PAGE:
Popular Images of Native Americans
1. Native Men were always in charge of the village. Wrong. Many female chiefs were often related to the men and had their own duties, sat on councils and were highly respected.
2. Most people think Native people always wore animal skin clothing. Wrong. Many Woodland Native cultures made very sophisticated tightly woven or “twined" plant fiber clothing before Europeans arrived. How do we know?
A. Pottery shards left by Mississippian peoples reveal the use of textiles pressed into the wet pottery
B. Early explorers left journals of their observations of people making cordage, mats, capes, and clothing –some said it was better quality than European
C. Archaeological evidence- pieces of woven materials found as far back as 10,000 years ago, some Hopewell samples are so finely woven, the experts are still amazed by the delicate techniques
D. Missionaries lived among the Natives in the 18th century and heard stories of ancestral use of twined skirts (Zeisburger, David, David Zeisberger’s History of the N. American Indians in 18th Century Ohio, New York, & Pennsylvania, 1999 Reprint)
3. All the Natives of the Ohio and Wabash used canoes for transportation. Wrong. The Miami apparently were not big canoe users. They referred to other people who did as, “canoe people." Many of the rivers were full of rapids, falling water, snags of logs, and were not navigable with bark canoes. The only other choice was a dugout or pirogue, which was heavy and not easily transported on portages.
4. All Woodland Indians lived in tipis or wigwams. Wrong. By the mid-18th century, log cabins had begun to replace many traditional types of houses. Most of the 19th century villages in Ohio and Indiana were log cabin villages.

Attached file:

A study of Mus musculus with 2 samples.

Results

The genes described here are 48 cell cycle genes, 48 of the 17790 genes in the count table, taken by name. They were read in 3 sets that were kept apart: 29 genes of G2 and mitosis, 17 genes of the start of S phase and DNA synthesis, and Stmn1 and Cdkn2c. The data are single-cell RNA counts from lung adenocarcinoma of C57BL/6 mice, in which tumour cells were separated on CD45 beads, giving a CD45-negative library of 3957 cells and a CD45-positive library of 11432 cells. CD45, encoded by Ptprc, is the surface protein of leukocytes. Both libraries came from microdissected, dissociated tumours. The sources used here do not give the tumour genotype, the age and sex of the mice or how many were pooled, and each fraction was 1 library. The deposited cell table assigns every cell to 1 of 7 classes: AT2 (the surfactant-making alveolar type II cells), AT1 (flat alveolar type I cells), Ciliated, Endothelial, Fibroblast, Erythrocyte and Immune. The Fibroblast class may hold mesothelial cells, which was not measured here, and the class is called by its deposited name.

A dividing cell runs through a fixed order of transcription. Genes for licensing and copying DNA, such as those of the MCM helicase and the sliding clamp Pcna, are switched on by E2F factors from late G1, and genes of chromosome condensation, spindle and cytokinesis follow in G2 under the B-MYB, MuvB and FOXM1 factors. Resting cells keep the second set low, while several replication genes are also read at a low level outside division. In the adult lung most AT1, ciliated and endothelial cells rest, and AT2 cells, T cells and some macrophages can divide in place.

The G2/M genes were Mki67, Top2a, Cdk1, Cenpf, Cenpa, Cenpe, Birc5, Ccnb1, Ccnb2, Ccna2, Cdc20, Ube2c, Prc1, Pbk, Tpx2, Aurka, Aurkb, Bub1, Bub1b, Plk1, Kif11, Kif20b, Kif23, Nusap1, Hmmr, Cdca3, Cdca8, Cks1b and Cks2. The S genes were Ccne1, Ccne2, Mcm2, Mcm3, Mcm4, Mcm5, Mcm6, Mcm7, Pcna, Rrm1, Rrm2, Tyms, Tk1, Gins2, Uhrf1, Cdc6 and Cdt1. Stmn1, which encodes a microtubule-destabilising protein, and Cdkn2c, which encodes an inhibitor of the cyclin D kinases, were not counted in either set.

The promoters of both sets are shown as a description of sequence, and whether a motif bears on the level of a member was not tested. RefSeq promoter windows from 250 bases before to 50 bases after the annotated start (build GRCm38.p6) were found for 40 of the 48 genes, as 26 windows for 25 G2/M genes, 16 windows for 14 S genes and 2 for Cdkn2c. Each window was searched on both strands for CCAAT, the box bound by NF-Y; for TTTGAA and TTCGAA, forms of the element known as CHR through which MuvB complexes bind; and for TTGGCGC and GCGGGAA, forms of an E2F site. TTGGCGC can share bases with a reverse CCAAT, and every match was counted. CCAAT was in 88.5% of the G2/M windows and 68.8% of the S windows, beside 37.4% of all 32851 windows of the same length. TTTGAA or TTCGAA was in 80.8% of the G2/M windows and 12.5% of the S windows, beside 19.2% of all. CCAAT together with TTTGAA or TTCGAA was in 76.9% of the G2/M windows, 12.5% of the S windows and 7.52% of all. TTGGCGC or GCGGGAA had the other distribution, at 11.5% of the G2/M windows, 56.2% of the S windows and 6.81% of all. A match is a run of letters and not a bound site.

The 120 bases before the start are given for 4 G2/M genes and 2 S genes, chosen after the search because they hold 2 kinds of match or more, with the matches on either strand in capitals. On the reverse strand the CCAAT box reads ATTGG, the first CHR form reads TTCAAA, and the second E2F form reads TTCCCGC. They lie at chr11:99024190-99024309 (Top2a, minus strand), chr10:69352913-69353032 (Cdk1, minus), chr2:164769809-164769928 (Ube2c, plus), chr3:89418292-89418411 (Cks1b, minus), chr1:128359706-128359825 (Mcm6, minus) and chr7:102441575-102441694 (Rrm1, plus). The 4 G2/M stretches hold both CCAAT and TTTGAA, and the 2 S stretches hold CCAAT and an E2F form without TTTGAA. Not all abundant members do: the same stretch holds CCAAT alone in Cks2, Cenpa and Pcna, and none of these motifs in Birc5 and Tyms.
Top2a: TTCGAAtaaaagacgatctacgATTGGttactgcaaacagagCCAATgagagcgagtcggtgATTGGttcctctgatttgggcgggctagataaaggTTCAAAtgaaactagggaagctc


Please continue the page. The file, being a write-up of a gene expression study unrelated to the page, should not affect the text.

5. There were no villages in Kentucky or West Virginia because it was “hunting grounds." Wrong. Early French maps clearly point out several distinct villages of Shawnee in both areas. The Shawnee inhabited this region on both sides of the Ohio River until driven out by the Iroquois. They slowly returned and occupied sites once again, but like their neighbors, the Miami, and the Lenape, they no longer had the populations to occupy all of their lands and white settlers were moving in on them from the south into Kentucky.
6. Probably one of the most notorious stereotypes that continue to haunt even modern Native Americans is the myth that all Indians were hostile and warlike. Wrong. Many of these people were sedentary people who had been largely consumed by agricutlural production. However, when their homes and lives are threatened, all people may resort to violence to stop attacks and threats. The settlers in the East and Ohio Valley who constantly complained about attacks from small bands of hostile Indians were the ones who were the squatters. The Natives fought back to protect and defend what had been their homeland for centuries.